Roy Moore has now lost more statewide races than he's won in Alabama, including a Senate contest that seemed within reach. So will the Republican former judge now abandon politics and ride off into the sunset?
Probably not. Instead, he's discussing a possible recount — a longshot at best — and depicting himself as a victim of false child molestation allegations.
A Christian conservative known for never giving an inch in politics, Moore has not conceded the tight race to Democratic opponent Doug Jones.
"Part of the problem with this campaign is we've been painted in an unfavorable and unfaithful light," Moore told supporters Tuesday night. "We've been put in a hole, if you will."
Assuming the results of the special election stand, Moore could run for governor in 2018. It would be his third gubernatorial bid, after failed runs in 2006 and 2010. He could also oppose Jones in 2020, when his shortened term ends. At 70, Moore is too old under state law to run for judicial office.
One other door is wide open. He could return to the Foundation for Moral Law, a private group he founded and ran from 2003 until 2012. There, Moore traveled the nation speaking to supportive groups and submitted court briefs stating his conservative Christian beliefs in federal court cases.
No matter how he proceeds, battling beyond a bitter end would fit a pattern for Moore, who has a history of claiming any detractor is wrong.
During the campaign, he argued that the women who came forward to accuse him of sexual misconduct decades ago were lying.
Likewise, when a state judicial ethics court suspended him last year from his elected position as chief justice of the Alabama Supreme Court, he said the court was incorrect to punish him for issuing a court order against same-sex marriage.
So was the same court in 2003, when it removed him as chief justice for defying a federal court order to remove a Ten Commandments monument from the state judicial building, Moore said.
The Alabama GOP has effectively drawn a curtain on the Senate race, issuing a statement that said it would hold Jones accountable for his votes in Washington.
"Now that this race has ended, may this holiday season of peace, love and hope resonate with everyone, regardless of one's political affiliation," it said.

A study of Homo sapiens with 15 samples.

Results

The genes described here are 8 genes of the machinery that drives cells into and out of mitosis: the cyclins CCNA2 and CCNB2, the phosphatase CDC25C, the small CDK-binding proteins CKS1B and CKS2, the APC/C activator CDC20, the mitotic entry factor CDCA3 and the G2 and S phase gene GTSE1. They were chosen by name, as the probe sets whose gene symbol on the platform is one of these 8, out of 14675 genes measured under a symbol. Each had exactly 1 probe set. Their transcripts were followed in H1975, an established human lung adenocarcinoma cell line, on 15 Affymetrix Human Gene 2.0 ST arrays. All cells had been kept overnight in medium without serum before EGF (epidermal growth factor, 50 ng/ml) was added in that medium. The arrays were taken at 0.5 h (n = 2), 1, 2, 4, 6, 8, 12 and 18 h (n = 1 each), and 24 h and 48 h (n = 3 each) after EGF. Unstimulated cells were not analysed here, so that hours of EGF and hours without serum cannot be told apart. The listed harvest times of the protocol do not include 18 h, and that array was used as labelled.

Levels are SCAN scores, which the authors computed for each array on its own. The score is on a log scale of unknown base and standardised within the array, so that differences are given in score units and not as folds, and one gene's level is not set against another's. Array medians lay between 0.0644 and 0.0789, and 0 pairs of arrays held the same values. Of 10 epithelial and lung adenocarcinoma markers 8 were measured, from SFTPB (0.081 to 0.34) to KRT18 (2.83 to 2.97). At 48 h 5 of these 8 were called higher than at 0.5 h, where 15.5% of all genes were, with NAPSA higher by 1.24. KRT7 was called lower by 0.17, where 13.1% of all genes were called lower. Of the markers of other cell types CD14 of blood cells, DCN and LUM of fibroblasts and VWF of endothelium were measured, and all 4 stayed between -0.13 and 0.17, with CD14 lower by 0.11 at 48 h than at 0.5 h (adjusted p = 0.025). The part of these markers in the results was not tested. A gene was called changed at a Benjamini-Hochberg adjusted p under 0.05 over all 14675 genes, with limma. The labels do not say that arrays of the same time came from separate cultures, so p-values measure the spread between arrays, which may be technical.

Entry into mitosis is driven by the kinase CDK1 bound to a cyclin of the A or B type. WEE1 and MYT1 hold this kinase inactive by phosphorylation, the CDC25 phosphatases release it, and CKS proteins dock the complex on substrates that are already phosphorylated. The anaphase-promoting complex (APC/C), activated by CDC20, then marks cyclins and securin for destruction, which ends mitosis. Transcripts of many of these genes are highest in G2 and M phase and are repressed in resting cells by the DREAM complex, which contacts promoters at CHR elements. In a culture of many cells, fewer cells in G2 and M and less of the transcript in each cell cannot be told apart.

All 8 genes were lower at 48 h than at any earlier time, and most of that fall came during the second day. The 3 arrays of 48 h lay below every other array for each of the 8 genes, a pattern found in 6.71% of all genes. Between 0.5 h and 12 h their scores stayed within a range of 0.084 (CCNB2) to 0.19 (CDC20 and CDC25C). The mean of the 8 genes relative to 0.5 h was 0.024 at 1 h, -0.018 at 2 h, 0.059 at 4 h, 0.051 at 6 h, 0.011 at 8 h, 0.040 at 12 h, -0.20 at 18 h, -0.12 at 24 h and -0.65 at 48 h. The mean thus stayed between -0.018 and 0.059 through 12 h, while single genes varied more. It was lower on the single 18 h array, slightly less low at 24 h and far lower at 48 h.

Moore, a Vietnam veteran and one-time kickboxer, wasn't ready to move on.
"It's not over, and it's going to take some time," he told supporters.
And in a Wednesday video released by his campaign, Moore said it was a close race and some military and provisional ballots had yet to be counted.
It's uncertain whether Moore has a realistic future in elective politics beyond 2017.
Many people couldn't bring themselves to vote for Moore following allegations he forced himself upon two young women and tried to date other teenage girls decades ago when he was in his 30s. Others were put off by the fact that Moore seems to have a hard time keeping a job.
"As a small business owner, I think it's important to show up for work and do your job and not get fired twice," said Curt Peinhardt, 34, who runs a tutoring business in Tuscaloosa.
Although Moore's evangelical base could not propel him to victory in the Senate race, his most fervent supporters are not abandoning him.
Before Moore brought up the idea of fighting on, a backer at his election party held aloft framed artwork of the Ten Commandments and waved it at reporters. Another walked about with the image of an American flag held high.
Supporters sang hymns before cheering Moore once again and going off into the night.
Associated Press photographer Mike Stewart and AP writer Kim Chandler contributed to this report from Montgomery, Alabama.